Political blame game as students erupt across the nation

Urvi Bhatt
December 16, 2019 |

New Delhi — As students erupted across the country for the second day, the political blame game kicked in. While on Sunday Jamia Millia Islamia students in Delhi and students at Aligarh Muslim University were protesting the Citizenship Amendment Act, on Monday, the protests were about the alleged action by the police on Jamia students.

Mamata Banerjee & Pinarayi Vijayan, courtesy: Indian Express

Joining the raised voices were politicians. From West Bengal to Kerala, where chief ministers Mamata Banerjee and Pinarayi Vijayan led marches in their states, to press conferences by the Opposition in the capital.

Meanwhile, as anger grew across states, Prime Minister Narendra Modi and Home Minister Amit Shah made placatory noises.

The PM tweeted, ‘This is the time to maintain peace, unity and brotherhood. It is my appeal to everyone to stay away from any sort of rumour mongering and falsehoods..

Another tweet reads “The need of the hour is for all of us to work together for the development of India and the empowerment of every Indian, especially the poor, downtrodden and marginalized. We cannot allow vested interest groups to divide us and create disturbance. ”

PM also stated “I want to unequivocally assure my fellow Indians that CAA does not affect any citizen of India of any religion. No Indian has anything to worry regarding this Act. This Act is only for those who have faced years of persecution outside and have no other place to go except India.”

The Home Minister, campaigning in Jharkhand while various universities in the country erupt over the alleged actions of the Delhi Police – a force that the Home Minister heads – sought to dispel what he said were misconceptions about the Citizenship Amendment Act.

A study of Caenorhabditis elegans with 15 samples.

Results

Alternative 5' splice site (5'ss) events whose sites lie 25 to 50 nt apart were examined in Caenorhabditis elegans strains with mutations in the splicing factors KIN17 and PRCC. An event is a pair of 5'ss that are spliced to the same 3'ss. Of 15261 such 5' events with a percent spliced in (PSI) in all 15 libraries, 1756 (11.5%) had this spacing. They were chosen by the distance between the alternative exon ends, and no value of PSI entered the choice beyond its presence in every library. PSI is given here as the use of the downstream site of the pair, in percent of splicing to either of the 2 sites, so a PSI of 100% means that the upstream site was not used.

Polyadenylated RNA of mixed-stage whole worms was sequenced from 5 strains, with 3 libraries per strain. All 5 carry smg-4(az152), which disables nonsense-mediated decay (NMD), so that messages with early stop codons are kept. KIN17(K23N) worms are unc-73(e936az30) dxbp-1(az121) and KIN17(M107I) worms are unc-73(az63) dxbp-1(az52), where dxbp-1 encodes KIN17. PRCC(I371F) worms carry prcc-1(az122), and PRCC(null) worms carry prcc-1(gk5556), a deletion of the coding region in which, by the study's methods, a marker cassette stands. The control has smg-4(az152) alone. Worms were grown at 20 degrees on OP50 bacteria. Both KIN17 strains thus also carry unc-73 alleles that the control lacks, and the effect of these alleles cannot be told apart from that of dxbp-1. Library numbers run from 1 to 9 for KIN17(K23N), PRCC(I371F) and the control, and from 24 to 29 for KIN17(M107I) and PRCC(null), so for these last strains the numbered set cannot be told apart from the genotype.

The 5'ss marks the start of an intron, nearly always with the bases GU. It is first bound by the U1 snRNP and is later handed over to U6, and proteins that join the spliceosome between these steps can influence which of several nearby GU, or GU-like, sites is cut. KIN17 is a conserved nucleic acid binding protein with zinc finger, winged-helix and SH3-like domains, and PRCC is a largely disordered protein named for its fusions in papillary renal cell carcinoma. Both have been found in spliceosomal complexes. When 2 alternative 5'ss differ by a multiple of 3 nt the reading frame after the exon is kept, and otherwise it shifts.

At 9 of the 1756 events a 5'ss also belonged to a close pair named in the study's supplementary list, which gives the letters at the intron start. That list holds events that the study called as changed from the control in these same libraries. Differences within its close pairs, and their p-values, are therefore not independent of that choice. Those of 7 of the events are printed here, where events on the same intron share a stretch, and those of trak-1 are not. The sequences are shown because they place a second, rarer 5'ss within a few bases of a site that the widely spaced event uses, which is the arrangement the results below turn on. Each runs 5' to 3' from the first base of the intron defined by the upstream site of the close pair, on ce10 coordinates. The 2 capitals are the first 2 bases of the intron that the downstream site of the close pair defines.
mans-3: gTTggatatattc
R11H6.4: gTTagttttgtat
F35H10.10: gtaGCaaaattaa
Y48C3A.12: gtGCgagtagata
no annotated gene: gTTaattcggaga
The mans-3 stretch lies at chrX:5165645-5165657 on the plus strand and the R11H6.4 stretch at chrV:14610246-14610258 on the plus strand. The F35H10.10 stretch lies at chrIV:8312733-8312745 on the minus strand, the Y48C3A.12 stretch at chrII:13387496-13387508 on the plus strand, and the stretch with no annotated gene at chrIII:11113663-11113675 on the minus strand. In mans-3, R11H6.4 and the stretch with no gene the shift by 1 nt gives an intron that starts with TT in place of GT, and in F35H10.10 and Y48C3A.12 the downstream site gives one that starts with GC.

Echoing PM Narendra Modi, he said at a rally, ‘This (the Act) is to give citizenship to the poor, don’t get misled by rumours.’

But his absence from the capital as it burns under the anger of students was questioned by the Opposition at a joint press conference. Left leader Sitaram Yechury asked, ‘Who gave the order for the police to enter the university? Whoever gave the order should be punished. The Home Minister is directly in charge. Where has he been for the past two days?’

The BJP held a counter press conference, where spokesperson Sambit Patra said the opposition was misleading people, giving every issue ‘a Hindu-Muslim angle’. ‘They are using students as pawns,’ he said.

Meanwhile in Bengal, Chief Minister marched across streets, daring the Narendra Modi government to dismiss her. Speaking at a rally after the march, she said, ‘What happened in Jamia was a dirty deed. Our revolution will continue. I am here for you. NRC and CAA will only happen over my dead body.’

The Kerala Chief Minister, who has already declared that he will not implement the Citizenship Amendment Act in his state said,

‘Our government’s commitment is to the Constitution, not the RSS agenda.’

But the BJP government is facing opposition not just from the Opposition, but from within the NDA too. Joining the AGP in Assam, on Monday it was the Akali Dal’s Sukhbir Badal who said Muslims should also be covered by the Citizenship Amendment Act.

Meanwhile in Assam, amidst the protests, one party has discovered its political ambitions. The All Assam Students Union, which has been leading the protests against the Citizenship Amendment Act in the state, has now hinted that it might launch a political party as an alternative to the ruling BJP and AGP and the Congress.